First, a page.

From "Learning Objects" to "Knowledge Bits"

I have long been an opponent of the "Learning Objects" school of thought in E-Learning. If you take the IEEE Learning Technology Standards Committee definition, this is "[a]ny entity, digital or non-digital, which can be used, re-used and referenced during technology-supported learning". You pretty much get everything, including the kitchen sink, as a learning object.

Many, many authors spin wild tales of reusing learning objects, of combining them, enhancing them, and what not. I don't find any papers actually demonstrating reuse, however. We talked about learning objects in my Master's seminar yesterday, me being a curmudgeonly old skeptic and rather disorienting the student who thought he was presenting state of the art research when singing the praises of learning objects.

He can't be blamed, even the popular press is jumping on the band wagon with the current hype about "knowledge bits", little nuggets of wisdom which can be ingested in 15 minutes, between answering your email and fussing with Facebook.

The Berliner Tagesspiegel calls them "Knowledge Pills", just the thing for the younger generation. No need to read, ponder, think. Just pop a pill and be wise.

I find this to be utter nonsense. There is still no royal road to knowledge. Sure, there are things that you can learn in 15 minutes. Wikipedia offers a lot of them, and I am sure there are lots of things like "How do I force my text processor to produce a table of contents" that fit nicely in this area. But the kind of learning we want people to have at university does not fit into 15 minute sound bites (bytes?). We want people to learn to understand a larger picture, to be able to abstract away from details, to plan, to explain, to understand.

In the afternoon two former students dropped by with their current project. Neither had taken my e-learning class (tsk, tsk), they didn't know what learning objects are and thought meta data was something used in MPEG-7. They are right, and Dublin Core is used for both, but blessed be the people who have never heard of LOM, for they shall see light!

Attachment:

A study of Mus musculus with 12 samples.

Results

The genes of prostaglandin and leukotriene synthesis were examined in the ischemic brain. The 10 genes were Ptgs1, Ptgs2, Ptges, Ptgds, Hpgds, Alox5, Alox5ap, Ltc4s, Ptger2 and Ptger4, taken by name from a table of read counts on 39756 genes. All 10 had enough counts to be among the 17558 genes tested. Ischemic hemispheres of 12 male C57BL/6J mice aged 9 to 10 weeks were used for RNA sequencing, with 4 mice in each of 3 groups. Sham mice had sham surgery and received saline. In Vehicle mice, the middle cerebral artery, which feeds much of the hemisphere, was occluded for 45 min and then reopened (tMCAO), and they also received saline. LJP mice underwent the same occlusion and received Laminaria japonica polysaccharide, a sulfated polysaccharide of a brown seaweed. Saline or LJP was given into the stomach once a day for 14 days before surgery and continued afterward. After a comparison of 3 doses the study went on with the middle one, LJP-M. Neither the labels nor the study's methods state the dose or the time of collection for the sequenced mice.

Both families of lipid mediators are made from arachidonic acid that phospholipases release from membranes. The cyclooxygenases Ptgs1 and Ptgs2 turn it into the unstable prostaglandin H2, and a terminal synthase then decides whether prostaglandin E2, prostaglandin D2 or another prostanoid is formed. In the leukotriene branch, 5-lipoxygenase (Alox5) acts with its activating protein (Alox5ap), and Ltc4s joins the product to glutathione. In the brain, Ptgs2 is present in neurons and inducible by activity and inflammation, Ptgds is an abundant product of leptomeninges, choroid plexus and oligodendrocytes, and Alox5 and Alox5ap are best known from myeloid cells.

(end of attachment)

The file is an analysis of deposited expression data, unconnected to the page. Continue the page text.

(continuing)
Their idea, called Sofatutor, consists of short videos produced with cheap cameras, paper, magic markers, bits of paper, and microphones (I do hope, however, that they can soon purchase new microphones!) demonstrating in Common Craft style mathematical proofs and chemical reactions in German.

This stuff is not actually what people mean when they talk about learning objects. For one thing, it's in German. Subtitling, like dotsub does, would handle that. There's no meta data - yet. But the idea is grand: the videos are easy to make, and cheap. Of course, they want to have social communities grow, have people make their own videos and upload them, that sort of thing. And there are no plans on re-mixing for the moment.

On the one hand, I am skeptical of this. Students often think they have understood a proof or an algorithm, when they have not. They tell other students the "right way", and the others believe it and are angry when this gets marked wrong on a test. On the other hand, the same thing is true for the Wikipedia. And despite all the nonsense to be found there, there is actually lots of useful information to be found, even if I don't want my students quoting it on academic papers. So this might actually be a useful was of getting lots of pretty-good content produced for teaching people about subjects such as maths. And boy, do we need to teach people more math, but that is the subject for another rant.

So good luck to the Sofatutor Squad!